I’ve probably done more travel inside the state of Texas in 2017 than I have outside of the borders of the Lone Star State.
But my out of state travel will probably catch up to my instate travel before the year is over,
I’ve done five trips to Austin with only one of them being the personal business variety. The other four (so far) were to battle Texas GOP legislative oppression and looks like I’ll have to do that again in July. I just came back from the ATX at the invitation of United We Dream to speak at their Memorial Day rally.
I attended a transgender leadership training in the Dallas suburb of Irving back in February, and recently returned to the DFW area for the Black Trans Advocacy Conference in Dallas
The dates for this trip have been on my calendar since the conclusion of last year’s event, but as you read this I’m headed NNE up I-69 (the highway formerly known as US 59) or the Eastex Freeway to native Houstonians, for the 9th annual Texas Transgender Nondiscrimination Summittaking place June 9-10. .
I haven’t missed a TTNS since my return back to Houston from Da Ville in May 2010, and the first event I attended after I came back home was the 2010 edition of it that was held at Rice University.
I had the honor of being the keynote speaker for it last year.
Over the last few years, the TTNS has ventured from its Houston area roots to hit the Texas roads and be hosted on various college campuses around the state. In the last few years we have gone to San Marcos (Texas State), Richardson (UT Dallas), and last year Killeen (Texas A&M Central Texas). This year it was time to bring it to East Texas, and I know that trips to The Rio Grande Valley, West Texas and the Panhandle are probably in the TTNS future along with its desire to one day be on one of our Texas HBCU campuses.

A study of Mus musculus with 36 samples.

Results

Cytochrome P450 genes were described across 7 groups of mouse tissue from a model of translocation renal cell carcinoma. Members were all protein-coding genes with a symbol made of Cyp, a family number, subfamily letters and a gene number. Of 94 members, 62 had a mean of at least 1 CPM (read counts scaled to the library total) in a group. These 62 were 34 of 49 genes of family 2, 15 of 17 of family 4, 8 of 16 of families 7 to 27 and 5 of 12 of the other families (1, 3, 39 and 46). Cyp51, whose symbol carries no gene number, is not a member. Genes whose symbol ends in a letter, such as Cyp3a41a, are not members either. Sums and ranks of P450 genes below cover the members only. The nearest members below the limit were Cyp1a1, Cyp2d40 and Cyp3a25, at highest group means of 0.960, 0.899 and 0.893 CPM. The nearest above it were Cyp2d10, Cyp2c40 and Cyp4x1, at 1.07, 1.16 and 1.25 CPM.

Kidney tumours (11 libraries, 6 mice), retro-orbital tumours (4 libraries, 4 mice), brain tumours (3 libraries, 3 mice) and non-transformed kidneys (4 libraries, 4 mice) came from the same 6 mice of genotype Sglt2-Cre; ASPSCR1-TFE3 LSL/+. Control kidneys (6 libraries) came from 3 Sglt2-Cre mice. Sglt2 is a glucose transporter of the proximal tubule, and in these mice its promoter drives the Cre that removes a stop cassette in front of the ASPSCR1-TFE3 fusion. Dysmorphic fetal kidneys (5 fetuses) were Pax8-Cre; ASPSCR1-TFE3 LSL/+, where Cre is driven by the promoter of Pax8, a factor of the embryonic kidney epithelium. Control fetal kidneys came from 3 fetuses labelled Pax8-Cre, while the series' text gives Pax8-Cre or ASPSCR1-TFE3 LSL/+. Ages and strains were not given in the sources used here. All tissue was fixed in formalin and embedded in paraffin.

So what’s the Texas Transgender Nondiscrimination Summit? TTNS is two days of teaching, learning and plotting the path of social justice in the Lone Star State and beyond.
It has been instrumental in getting trans friendly policies and procedures implemented at Texas state colleges universities and several Texas school districts . The TTNS is also two days of us getting to network, chat with with old friends and meet new ones.
There was a moment during last year’s event in Killeen in which myself, Josephine Tittsworth, Jenifer Rene Pool and Phyllis Frye got to do something we don’t get to do very often in Houston. We sat down at a table and the four of us got to talk for longer than five minutes during a quiet TTNS moment.
The reason I’m going to this year’s TTNS is to teach my Contemporary Texas Trans History seminar again.
This year we’re headed to Lumberjack Country and the campus of Stephen F. Austin State University in Nacogdoches, which is 140 miles NNE of Houston.
Nacogdoches is not only the hometown of Stephen F/ Austin State University, it also has the distinction of being the oldest town in Texas, beating out San Antonio for that distinction by being founded in 1716 and incorporated in 1837.
This year’s TTNS Friday keynote will feature one of our trailblazing leaders in Barbra ‘Babs’ Casbar Siperstein, and the last time I saw her in the flesh was at last year’s LGBT Pride reception at the White House.
Looking forward to seeing and spending some quality time with her and our Saturday TTNS keynote speaker in Jeremy Ivester.
So for those of you making the trip to Nacogdoches to be there for the TTNS, thanks for doing so and see y’all at the Baker Pattillo Student Center on Friday and Saturday.